Mandatory dual must-carry is `a lost cause’

Jun 18, 2001  •  Post A Comment

Calling for a time-out in its longtime campaign to force cable operators to carry the analog and digital signals of television stations, the National Association of Broadcasters last week said it is searching for a new game plan.
An NAB spokesman declined to comment on the announcement, which was released in a statement from NAB’s TV board.
But industry sources said the change in direction was prompted by the realization that the uncompromising position the association has been trying to promote was doomed.
“They [the NAB TV board] concluded it’s a lost cause,” said one industry source close to the issue. “We’ve got to try a new approach.”
But another source said it would be wrong to conclude that the NAB has thrown in the towel on dual carriage altogether.
“It’s just an acknowledgement that we haven’t gotten the reception we would like,” this source said. “We’re not conceding that must-carry isn’t important to the DTV transition. It absolutely is. But we’re prepared to explore whatever it takes to get this transition moving.”
Under the NAB’s longtime approach, the association has been insisting that the Federal Communications Commission require cable operators to carry both the analog and digital signals of broadcasters during the transition to the new technology, period.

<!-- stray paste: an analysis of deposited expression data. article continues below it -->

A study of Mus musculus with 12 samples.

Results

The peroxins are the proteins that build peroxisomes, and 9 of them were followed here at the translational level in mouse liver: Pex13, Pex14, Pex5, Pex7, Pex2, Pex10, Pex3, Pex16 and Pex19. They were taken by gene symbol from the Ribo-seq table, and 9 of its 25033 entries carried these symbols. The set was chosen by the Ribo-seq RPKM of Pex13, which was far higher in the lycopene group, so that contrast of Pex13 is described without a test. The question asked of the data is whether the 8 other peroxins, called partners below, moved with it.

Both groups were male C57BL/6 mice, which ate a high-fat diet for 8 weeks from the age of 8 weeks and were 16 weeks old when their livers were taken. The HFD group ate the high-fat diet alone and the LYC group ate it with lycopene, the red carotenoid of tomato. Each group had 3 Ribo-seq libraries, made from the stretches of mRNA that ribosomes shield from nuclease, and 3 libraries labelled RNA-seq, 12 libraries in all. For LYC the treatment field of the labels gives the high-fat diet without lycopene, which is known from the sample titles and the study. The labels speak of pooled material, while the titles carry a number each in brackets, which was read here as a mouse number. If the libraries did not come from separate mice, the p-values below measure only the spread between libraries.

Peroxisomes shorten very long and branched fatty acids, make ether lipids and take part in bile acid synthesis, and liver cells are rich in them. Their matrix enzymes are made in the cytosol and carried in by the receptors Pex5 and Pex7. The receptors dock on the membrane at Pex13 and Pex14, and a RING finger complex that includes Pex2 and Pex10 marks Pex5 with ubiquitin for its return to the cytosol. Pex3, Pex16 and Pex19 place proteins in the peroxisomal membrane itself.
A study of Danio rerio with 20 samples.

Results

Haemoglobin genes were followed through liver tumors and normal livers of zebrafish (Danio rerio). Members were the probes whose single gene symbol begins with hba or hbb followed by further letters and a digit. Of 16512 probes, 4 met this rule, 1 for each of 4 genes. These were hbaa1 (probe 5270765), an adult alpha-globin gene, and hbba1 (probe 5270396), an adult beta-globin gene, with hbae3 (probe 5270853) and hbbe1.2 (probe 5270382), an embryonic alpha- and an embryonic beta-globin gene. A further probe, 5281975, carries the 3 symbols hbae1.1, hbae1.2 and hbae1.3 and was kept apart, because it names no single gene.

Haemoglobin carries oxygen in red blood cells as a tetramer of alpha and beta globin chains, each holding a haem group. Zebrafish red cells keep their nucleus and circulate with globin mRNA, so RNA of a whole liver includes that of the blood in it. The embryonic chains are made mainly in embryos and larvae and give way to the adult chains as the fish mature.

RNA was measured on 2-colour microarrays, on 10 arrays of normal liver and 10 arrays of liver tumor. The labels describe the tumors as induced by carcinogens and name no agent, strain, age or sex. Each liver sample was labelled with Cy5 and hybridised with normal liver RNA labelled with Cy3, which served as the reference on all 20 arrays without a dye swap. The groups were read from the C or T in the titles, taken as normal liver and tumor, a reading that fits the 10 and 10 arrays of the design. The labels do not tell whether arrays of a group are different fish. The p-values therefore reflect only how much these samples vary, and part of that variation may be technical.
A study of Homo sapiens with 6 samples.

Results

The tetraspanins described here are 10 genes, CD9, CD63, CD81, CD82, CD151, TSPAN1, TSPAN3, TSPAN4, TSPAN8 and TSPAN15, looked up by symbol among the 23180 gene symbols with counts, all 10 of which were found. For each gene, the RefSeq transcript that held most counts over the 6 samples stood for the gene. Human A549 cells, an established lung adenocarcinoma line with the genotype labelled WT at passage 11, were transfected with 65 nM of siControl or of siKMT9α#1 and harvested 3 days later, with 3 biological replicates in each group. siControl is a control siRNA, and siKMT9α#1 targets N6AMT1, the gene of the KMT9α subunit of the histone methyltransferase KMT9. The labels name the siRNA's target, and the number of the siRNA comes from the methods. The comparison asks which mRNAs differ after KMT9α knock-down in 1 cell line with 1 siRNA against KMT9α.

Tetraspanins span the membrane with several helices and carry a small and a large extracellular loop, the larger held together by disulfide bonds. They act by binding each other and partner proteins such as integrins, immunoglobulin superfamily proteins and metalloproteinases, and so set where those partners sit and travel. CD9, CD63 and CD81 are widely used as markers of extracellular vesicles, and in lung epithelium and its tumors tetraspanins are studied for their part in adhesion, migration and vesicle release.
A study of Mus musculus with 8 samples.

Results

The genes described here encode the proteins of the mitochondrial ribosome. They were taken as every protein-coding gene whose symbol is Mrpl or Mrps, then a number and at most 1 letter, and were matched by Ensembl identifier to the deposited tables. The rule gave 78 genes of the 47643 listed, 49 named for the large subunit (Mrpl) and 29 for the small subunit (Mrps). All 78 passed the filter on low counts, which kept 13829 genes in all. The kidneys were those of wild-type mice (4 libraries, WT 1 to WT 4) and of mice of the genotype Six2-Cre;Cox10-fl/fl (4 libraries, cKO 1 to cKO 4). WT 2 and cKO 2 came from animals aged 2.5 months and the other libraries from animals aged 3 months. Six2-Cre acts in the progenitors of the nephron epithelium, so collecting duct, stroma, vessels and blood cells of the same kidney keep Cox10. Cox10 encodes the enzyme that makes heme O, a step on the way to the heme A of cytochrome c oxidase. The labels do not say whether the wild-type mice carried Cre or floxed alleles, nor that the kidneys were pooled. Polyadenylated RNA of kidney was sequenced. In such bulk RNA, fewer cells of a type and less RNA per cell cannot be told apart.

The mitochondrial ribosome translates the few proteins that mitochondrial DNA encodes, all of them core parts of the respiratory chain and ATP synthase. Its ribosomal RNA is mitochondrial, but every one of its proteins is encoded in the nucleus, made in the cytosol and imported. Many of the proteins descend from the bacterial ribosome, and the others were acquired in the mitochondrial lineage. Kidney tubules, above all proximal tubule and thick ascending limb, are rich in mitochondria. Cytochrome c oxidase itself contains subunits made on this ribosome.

That plan has been vehemently opposed by the cable industry, and top FCC officials have made clear their doubts about its constitutionality.
The new marching orders from the NAB’s TV board give the association staff flexibility to explore a variety of new possibilities over carriage and other sticky DTV issues, including ways to encourage the production of better digital TV sets.
“NAB was instructed to pursue new and innovative ideas with industry partners and government leaders to break a public policy logjam over issues such as cable carriage, DTV tuners and interoperability that has resulted in viewers being denied access to over-the-air DTV signals,” the NAB TV board’s statement said.
The TV board’s statement also encouraged all content providers to “dramatically” increase production of DTV programming, in high-definition, interactive and multichannel formats.
In addition, the NAB TV board said it had OK’d a “multimillion-dollar” marketing campaign to promote DTV, partly through on-air spots.
Said David Beckwith, a spokesman for the National Cable & Telecommunications Association: “If this means they’re shifting their focus from trying to obtain an unconstitutional leg-up from government to producing more quality programming that peopl want to watch, then it’s a welcome development.”